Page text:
Jesus and The Rich Young Ruler

A certain ruler asked him, “Good teacher, what must I do to inherit eternal life?”

“Why do you call me good?” Jesus answered.  “No one is good–except God alone.  You know the commandments:  ‘Do not commit adultery, do not murder, do not steal, do not give false testimony, honor your father and mother.'”

“All these I have kept since I was a boy,” he said.

When Jesus heard this, he said to him, “You still lack one thing.  Sell everything you have and give to the poor, and you will have treasure in heaven.  Then come, follow me.”

When he heard this, he became very sad, because he was a man of great wealth.  Jesus looked at him and said, “How hard it is for the rich to enter the kingdom of God!  Indeed, it is easier for a camel to go through the eye of a needle than for a rich man to enter the kingdom of God.”

Those who heard this asked, “Who then can be saved?”

Jesus replied, “What is impossible with men is possible with God.”

Luke 18:18-27 (NIV)

My wife and I were reading together tonight and this story came up.  It is a hard story because of what it suggests.  Indeed, I have heard sermons or essays written around this story and some of them state that the point Jesus is making here is one of material sacrifice.  We in America are “rich young rulers” who must be willing to give up all our possessions to donate to the poor.  But does Christ really call us to this?

I don’t wish to negate that possibility, but tonight I had another interpretation.  I admit that I have no background at this point in academic or professional theological studies, so please bear with me.  It seems the key to understanding Jesus’ response is in the question:  “What must I do to inherit eternal life?” (emphasis mine).  Jesus had encountered many questions from people with a variety of motivations.  Some wished to trick or test him, some were sincere.  What I find interesting is that this same question was asked of Jesus by a teacher of the law in Luke 10: 25.  “What must I do to inherit eternal life?”  In this instance, Jesus doesn’t ask the teacher of the law to give up his wealth.  Jesus responds with a question of his own.  “What is written in the law?  How do you read it?”  The teacher answers,

“Love the Lord your God with all your heart and with all your soul and with all your strength and with all your mind; and love your neighbor as yourself.'”

“You have answered correctly,” Jesus replied. “Do this and you will live.”

So, why did Jesus respond in two different ways to the same question?  My theory is that the motivation of each man was different.  Perhaps Jesus didn’t quite discern the intent of the teacher of the law or perhaps he was paying the man a type of professional courtesy, but Jesus probed his question to find a response.  Maybe he wanted the teacher to get it right.  (As the teacher then asks for clarification on the definition of “neighbor” one might assume that he didn’t quite get it.)

The rich young ruler, however, didn’t seem to have motivations as seemingly pure.  Perhaps Jesus knew the question was self-serving.  “What must I do to inherit eternal life?”  Wealth implies success, whether successfully inheriting or successfully working.  Either way, success can usually be achieved through hard work and self-sufficiency.  While these things are not necessarily bad in themselves, when you can achieve a decent amount of success by yourself, one can fall into the belief that God is not necessary.  I can live a life of moderate to extreme luxury and comfort in America and I wouldn’t have to rely on God one bit to do so.  What use, then, is God?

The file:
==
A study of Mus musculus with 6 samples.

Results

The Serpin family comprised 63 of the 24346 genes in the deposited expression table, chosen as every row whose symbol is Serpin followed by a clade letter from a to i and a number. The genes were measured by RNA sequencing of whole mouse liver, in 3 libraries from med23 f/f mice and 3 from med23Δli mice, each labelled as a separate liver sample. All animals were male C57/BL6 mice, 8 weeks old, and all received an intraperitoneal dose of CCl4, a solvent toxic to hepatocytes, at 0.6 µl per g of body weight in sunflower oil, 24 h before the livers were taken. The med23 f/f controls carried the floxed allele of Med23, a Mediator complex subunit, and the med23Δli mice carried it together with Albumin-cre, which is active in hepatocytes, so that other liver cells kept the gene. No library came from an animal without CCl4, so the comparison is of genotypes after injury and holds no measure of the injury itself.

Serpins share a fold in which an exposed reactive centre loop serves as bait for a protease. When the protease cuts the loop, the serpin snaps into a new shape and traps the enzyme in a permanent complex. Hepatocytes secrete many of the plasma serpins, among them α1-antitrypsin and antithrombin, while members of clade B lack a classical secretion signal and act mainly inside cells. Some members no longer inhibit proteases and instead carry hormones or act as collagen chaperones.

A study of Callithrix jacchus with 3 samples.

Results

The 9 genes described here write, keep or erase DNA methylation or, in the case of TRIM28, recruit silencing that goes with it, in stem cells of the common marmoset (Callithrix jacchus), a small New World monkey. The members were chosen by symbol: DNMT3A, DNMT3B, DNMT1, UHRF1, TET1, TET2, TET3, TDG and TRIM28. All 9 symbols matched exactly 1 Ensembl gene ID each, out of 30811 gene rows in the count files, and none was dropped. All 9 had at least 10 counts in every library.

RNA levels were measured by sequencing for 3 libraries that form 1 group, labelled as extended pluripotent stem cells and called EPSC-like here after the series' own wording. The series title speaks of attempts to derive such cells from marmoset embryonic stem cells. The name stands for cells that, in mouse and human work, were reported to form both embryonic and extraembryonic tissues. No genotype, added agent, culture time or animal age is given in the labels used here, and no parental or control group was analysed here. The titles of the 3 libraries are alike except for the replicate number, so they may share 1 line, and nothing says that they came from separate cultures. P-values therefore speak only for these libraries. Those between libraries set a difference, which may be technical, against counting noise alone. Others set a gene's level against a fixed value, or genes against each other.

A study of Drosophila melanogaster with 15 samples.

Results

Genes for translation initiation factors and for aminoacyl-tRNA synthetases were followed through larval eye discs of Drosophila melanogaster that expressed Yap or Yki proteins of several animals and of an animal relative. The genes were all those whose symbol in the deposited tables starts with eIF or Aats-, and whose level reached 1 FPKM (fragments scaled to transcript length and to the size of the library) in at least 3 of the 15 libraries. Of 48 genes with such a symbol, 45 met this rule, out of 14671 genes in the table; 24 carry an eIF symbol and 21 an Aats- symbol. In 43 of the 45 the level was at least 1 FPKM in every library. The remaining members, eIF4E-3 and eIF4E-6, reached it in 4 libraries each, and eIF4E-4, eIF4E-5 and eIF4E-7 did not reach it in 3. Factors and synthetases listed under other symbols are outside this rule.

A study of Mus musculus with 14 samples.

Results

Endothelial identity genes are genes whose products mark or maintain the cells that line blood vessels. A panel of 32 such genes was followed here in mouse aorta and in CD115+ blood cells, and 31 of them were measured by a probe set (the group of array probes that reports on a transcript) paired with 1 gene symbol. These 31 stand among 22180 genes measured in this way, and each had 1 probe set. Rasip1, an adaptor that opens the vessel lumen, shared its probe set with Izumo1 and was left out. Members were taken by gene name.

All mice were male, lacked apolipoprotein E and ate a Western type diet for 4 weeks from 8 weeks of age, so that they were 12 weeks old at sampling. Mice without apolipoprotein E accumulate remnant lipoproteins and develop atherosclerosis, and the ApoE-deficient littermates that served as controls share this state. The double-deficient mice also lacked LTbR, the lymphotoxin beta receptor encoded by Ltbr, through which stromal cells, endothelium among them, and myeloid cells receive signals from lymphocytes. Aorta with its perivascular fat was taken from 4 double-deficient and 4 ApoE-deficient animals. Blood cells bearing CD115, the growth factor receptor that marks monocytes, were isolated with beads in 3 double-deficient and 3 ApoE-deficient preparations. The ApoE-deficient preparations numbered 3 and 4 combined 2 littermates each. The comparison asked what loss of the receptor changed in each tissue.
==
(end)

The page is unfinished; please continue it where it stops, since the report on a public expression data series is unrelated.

Well, if there is an afterlife and that afterlife is ordained by God, then perhaps my self-sufficiency wouldn’t be enough.  Hence, ask the “good teacher.”  Sensing this self-focus, Jesus responded in truth.  He cites The Law.  If one can keep The Law, one can enter in to eternal life.  However, where the teacher of The Law understood that love of God and love of others were the core and purpose of The Law, the young ruler didn’t get it.  In essence he flippantly states, “Yeah, I did all that.  Anything else?”

One can almost imagine Jesus readying to make a fool of this man.  “Okay, one more thing.  Sell everything you own, give it to the poor, then come follow me.”

This was not the answer the man wanted.  Jesus, on seeing the man struck speechless, pushed harder.  “Is this too hard for you and your riches?  A camel could more easily pass through the eye of a needle than a rich man enter the kingdom of God.”

Faced with this seemingly impossible standard, the people around Jesus cried out in shock.  “How is it possible, then, to be saved?”

Jesus makes his point, the one that the rich man missed.  “What is impossible with men is possible with God.”  That is the key of this passage to me.  That we cannot earn our way into the kingdom with our good behavior or our wealth.  Our self-sufficiency is useless.  We need God.  Jesus didn’t just tell the man to sell everything and give it to the poor (which would have been a worthy cause indeed).  He also commanded to follow him.

So are all those other sermons and essays wrong?  Not necessarily.  While the point of this passage isn’t rejection of material wealth, it does point out the dangers of wealth.  As stated earlier, when we take our pride in our possessions or money, we lose sight of God.  When we achieve success and wealth through our own work, we start to think we can accomplish all things, even our own spiritual atonement.  Wealth makes us comfortable and gives us more control over our own lives and makes us rely upon God and listen to him less.  We should be mindful of our standard of living, for Christ teaches that it could be destroyed in an instant.  Our peace should instead be in Christ.